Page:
By Jared Newman | Friday, December 18, 2009 at 4:39 pm
Earlier this week, I pondered the ways in which I might pay for the Playstation Network, because Sony is considering a premium version of its online service for next year, but hasn’t explained what it will entail.
It appears that Sony’s been asking some of its customers to ponder as well, with a survey conducted by IPSOS Online Research that lists 22 potential features. Not all the features are included in every plan, and survey takers were asked to choose the plan the like best. Kotaku has that entire survey posted here, but I’d still treat it as a rumor because it was sent in by a reader, not officially from IPSOS. And it’s just a survey, so there’s a chance none of these features will make the cut.
It’s important to note that the survey doesn’t mention any existing PSN features. Sony has said that everything you currently get for free will remain free. With that in mind, I’m torn between “Option 1” and “Option 2,” both of which are proposed for $70 per year. Here are some highlights from those plans:
Access to Beta Games: I don’t really enjoy playing part of a game in unfinished form, but I could see some members digging the idea of exclusive early access. That’s what makes E3 such a rush for us press types.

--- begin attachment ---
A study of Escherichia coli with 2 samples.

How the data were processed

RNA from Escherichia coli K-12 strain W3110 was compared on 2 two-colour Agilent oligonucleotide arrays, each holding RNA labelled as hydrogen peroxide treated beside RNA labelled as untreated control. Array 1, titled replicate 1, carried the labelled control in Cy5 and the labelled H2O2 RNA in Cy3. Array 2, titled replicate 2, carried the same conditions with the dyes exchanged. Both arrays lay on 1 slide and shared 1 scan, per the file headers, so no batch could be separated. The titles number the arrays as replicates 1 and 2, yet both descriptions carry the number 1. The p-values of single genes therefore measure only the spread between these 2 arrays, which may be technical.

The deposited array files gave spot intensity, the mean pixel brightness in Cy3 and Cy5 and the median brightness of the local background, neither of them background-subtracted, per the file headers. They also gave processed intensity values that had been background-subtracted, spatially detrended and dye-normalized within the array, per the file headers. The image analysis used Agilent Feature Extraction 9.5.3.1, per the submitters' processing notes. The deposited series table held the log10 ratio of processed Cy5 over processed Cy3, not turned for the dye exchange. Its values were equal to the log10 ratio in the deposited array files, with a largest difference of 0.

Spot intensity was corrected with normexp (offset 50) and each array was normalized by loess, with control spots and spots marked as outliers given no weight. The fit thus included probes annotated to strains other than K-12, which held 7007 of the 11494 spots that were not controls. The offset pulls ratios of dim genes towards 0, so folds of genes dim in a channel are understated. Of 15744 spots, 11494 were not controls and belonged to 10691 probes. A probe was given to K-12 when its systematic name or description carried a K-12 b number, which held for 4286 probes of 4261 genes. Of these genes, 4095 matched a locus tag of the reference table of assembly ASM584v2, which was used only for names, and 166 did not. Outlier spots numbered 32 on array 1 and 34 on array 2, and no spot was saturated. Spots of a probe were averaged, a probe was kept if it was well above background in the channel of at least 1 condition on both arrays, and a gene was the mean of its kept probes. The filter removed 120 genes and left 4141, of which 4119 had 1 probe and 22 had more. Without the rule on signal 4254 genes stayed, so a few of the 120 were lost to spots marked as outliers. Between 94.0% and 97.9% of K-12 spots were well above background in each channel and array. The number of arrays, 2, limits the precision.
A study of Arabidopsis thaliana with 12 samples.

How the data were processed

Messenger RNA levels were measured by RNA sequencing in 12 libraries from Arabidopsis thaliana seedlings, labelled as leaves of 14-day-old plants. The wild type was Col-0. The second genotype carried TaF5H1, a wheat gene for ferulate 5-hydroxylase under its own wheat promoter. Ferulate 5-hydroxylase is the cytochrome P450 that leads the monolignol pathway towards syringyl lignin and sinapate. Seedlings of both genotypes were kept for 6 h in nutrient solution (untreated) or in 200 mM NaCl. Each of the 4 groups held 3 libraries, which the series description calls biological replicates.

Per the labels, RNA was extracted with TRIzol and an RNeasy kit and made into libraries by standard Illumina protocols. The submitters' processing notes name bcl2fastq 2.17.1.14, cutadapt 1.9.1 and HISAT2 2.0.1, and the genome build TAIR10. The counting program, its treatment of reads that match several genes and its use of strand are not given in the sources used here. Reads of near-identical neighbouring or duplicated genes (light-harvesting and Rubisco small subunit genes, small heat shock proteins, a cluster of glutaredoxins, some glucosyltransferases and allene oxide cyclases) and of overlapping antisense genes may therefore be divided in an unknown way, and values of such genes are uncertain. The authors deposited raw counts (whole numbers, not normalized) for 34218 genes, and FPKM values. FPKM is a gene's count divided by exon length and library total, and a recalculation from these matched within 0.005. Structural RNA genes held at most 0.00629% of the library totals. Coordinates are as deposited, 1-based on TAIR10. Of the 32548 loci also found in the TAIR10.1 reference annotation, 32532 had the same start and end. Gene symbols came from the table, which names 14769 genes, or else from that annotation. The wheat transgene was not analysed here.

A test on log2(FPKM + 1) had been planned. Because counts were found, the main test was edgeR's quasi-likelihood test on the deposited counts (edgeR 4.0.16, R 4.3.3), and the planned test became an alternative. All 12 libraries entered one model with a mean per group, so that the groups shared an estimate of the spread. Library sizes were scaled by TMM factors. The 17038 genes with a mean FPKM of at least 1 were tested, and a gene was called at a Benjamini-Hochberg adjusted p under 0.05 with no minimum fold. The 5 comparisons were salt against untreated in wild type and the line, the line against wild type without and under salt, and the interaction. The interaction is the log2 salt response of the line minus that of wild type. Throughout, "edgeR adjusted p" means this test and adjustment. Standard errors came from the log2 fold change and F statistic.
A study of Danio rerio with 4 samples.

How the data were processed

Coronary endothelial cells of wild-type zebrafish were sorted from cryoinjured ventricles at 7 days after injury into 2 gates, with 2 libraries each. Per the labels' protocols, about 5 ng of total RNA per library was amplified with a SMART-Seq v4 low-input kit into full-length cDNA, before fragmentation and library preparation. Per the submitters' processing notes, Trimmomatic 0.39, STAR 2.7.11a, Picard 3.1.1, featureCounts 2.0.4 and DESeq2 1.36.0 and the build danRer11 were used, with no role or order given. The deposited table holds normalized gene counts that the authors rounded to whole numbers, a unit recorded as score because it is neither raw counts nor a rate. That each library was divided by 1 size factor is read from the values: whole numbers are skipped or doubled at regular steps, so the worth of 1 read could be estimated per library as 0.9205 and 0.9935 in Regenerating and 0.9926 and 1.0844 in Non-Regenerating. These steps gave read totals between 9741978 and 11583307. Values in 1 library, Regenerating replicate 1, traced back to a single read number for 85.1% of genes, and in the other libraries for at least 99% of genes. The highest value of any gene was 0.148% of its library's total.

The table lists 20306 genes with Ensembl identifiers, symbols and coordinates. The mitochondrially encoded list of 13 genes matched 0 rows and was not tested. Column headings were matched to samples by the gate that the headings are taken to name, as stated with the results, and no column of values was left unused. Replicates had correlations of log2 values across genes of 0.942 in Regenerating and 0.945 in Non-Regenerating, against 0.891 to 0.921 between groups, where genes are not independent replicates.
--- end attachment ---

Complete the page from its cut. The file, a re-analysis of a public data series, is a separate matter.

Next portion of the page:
Cross-Game Voice Chat: Oh heck no. This oft-requested feature, which Xbox Live has offered since the Xbox 360’s debut, really ought to be free. But I’d really like to have it either way.
Full Title Trial – First Hour Free: Now we’re talking. If you avoid one game purchase because you hated the trial, the PSN membership pays for itself.
Free Access to PSOne Classics, PSP Minis and PSP/PS3 Themes: At last, a huge perk in the form of actual games to play. This would be a dealmaker for me.
Discounts on Store Content: Technologizer reader ReynaldoRiv had this on his wishlist. Someone at Sony must’ve been listening.
Loyalty Program Rewards: And I had this on mine. It’s only fair to butter up your best customers.
Catch-Up TV: I don’t know enough about this to give a “yay” or “nay,” but I’m intrigued.
The features in this survey are less ambitious than the ones I dreamed up, but they’re also more practical in the short-term. If Sony fused together all the above options in one package, I’d probably pay for that, too.